Stock market ups and downs are, for the most part, inevitable when it comes to investing. Over the long term, stock returns follow the operating fundamentals of the underlying firm. That is a good thing when a company grows over time, but can be rather frightening when the fundamentals are heading in the other direction. (To learn more, see Stock Market Risk: Wagging The Tails.)

With that, here is a list of five stocks that have lost a major percentage of their stock market capitalizations so far this year and whose underlying businesses have highly uncertain recovery potential at this point in time. They have haunted investors unfortunate enough to have held the shares during the free falls.

YTD loss: 79%
Affymax is a biotech firm that is in the final testing stages for an anemia drug that would compete with drug giant Johnson & Johnson (NYSE:JNJ), as well as other similar drugs already on the market. The shares took a tumble recently in a patent dispute with J&J where an arbitrator ruled in favor of J&J. They took an even bigger tumble in late June when tests showed that patients taking the trial drug experienced adverse heart-related issues. Add it up and the stock is down nearly 80% for the year. It represents another speculative play, but at this point the stock market is not pricing in much likelihood that the drug sees approval. The company has its hopes on approval in the first half of 2011 and could quickly make a comeback from the dead. (For more, check out Chasing Down Biotech Zombie Stocks.)

2. Corinthian Colleges (Nasdaq:COCO)
YTD loss: 64%
The ticker of this stock also is also the nickname for comedian and talk show host Conan O'Brien, but nothing's been humorous at all for COCO's shareholders. This for-profit educator has been caught up in overall industry turmoil over concerns that graduation rates are too low and that students are taking on high levels of student debt and have a low likelihood of ever being able to repay it. In addition, Corinthian has been hit by a down economy and merger-integration issues from the acquisition of a number of smaller rivals.

Risks are that the company could lose the ability to offer government financial aid at some of its schools. It is also a smaller player in the industry and as a result has been whipsawed more than rivals during the current turmoil. Investors are unlikely to see a treat in this investment any time soon.

YTD loss: 60%
FormFactor operates in the hyper-competitive semiconductor market and sells products that help manufacturers test and sort chips while they are being made. It also operates in the highly cyclical DRAM memory market that accounted for approximately 80% of sales. This volatile market has been especially erratic and FormFactor has seen sales and profits suffer for more than two years now. A new management team implemented in the middle of this year has so far been unable to stem the slide in operating fundamentals. The stock has only followed suit, though now it has fallen so low there is speculation that a rival could pick up the firm on the cheap given FormFactor is still respected for its technological savvy.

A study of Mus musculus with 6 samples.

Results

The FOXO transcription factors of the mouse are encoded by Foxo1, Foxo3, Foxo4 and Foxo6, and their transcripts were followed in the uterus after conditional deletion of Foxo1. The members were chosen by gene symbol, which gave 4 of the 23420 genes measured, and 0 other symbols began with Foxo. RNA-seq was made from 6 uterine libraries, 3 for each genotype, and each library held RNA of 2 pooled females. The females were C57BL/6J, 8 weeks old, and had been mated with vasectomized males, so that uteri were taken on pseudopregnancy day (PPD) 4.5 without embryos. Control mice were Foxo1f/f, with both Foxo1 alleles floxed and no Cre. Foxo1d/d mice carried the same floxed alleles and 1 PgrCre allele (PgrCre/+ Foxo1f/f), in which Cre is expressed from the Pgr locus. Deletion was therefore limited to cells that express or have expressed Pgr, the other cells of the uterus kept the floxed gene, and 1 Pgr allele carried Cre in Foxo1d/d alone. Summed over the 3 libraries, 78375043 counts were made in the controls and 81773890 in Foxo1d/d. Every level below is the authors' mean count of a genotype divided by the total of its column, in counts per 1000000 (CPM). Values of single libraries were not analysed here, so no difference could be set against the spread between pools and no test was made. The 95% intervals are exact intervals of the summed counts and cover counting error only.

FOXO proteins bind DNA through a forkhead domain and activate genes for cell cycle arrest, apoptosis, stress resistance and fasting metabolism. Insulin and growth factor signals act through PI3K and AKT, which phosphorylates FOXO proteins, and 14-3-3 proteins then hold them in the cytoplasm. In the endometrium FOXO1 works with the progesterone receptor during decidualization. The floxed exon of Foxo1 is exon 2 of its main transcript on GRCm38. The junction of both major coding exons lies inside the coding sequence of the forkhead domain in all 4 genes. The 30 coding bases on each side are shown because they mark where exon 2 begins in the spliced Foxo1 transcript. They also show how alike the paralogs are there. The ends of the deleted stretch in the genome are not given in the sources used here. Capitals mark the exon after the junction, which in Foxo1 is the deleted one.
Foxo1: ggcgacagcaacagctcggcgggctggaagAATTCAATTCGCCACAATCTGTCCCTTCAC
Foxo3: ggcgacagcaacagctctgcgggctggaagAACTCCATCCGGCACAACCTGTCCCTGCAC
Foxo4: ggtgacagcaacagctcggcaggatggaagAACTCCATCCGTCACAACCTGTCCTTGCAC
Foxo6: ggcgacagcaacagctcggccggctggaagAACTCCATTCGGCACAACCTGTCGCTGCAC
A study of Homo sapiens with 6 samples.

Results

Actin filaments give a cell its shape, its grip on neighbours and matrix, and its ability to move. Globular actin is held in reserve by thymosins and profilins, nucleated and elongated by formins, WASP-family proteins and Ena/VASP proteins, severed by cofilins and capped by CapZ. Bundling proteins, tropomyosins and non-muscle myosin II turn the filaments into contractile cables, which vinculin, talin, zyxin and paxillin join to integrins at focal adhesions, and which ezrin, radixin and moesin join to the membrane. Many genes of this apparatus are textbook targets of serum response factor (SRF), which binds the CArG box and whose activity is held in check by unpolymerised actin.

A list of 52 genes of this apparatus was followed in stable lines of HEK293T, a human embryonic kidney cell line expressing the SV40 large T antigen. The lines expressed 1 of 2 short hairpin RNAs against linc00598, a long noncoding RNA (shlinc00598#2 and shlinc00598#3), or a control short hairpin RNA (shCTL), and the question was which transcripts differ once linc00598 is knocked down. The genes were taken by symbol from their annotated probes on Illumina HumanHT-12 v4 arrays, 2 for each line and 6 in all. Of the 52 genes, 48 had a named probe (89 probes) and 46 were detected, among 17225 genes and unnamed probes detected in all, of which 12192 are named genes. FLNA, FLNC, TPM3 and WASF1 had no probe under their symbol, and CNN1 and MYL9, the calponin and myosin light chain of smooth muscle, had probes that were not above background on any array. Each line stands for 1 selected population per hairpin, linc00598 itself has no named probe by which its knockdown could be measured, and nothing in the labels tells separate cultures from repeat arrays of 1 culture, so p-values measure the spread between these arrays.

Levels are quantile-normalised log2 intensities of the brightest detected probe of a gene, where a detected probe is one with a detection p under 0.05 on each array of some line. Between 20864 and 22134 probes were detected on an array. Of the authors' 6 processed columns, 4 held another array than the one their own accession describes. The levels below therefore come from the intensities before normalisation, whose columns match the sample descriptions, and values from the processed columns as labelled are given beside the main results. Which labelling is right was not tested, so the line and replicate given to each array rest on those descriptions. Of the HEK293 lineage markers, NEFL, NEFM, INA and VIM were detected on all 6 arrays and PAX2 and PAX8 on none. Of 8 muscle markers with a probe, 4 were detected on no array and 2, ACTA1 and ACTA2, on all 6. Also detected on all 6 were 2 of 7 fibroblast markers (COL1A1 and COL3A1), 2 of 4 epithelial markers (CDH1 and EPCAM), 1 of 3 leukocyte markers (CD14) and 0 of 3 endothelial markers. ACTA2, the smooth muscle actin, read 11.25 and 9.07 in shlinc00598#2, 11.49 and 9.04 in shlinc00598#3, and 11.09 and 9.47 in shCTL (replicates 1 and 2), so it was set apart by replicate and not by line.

4. Bank of Ireland (NYSE:IRE)
YTD loss: 57%
Worries continue to abound that Bank of Ireland will follow its archrival Anglo Irish Banks and be nationalized by the Irish government. A historical housing bubble has rocked the entire country and Bank of Ireland was caught up in the middle of the storm given that many of its residential and commercial loans have gone sour. It has remained highly dependent on government aid since the height of the mortgage crisis in 2008 and conditions have not improved much this year, though Anglo Irish was nationalized and it is believed Bank of Ireland will not need further capital infusions. However, uncertainty remains high in Ireland and this does not bode well for Bank of Ireland's future. (To learn more, see The Industry Handbook: The Banking Industry.)

5. Vermillion Inc (Nasdaq:VRML)
YTD loss: 56%
Vermillion has been among the scariest investments out there given it has the dubious distinction as one of the worst-performing stocks this year. Vermillion is a biotech firm that recently launched a test that is used by physicians to detect if ovarian tumors are malignant or benign. Due to the high level of development costs, the firm has already taken a trip down bankruptcy lane in early 2009 (a strategic filing of Chapter 11) and came out of bankruptcy in July 2010, just after the FDA approved its OVA1 test. Its shares were relisted on the Nasdaq exchange on July 6 of this year after trading over the counter. The stock has lost more than half its value since the end of its first day after relisting.

The Bottom Line
A company that has seen its stock price severely punished due to adverse operating developments is best avoided by most investors. For others, negativity can spell opportunity if business conditions stabilize or eventually hit bottom and start to recover. The group mentioned above has haunted existing investors but could end up treating those brave enough to enter the extremely speculative waters. (For more, check out Seven Forehead-Slapping Stock Blunders.)

For the latest financial news, see Water Cooler Finance: Ghosts Of Economies Past.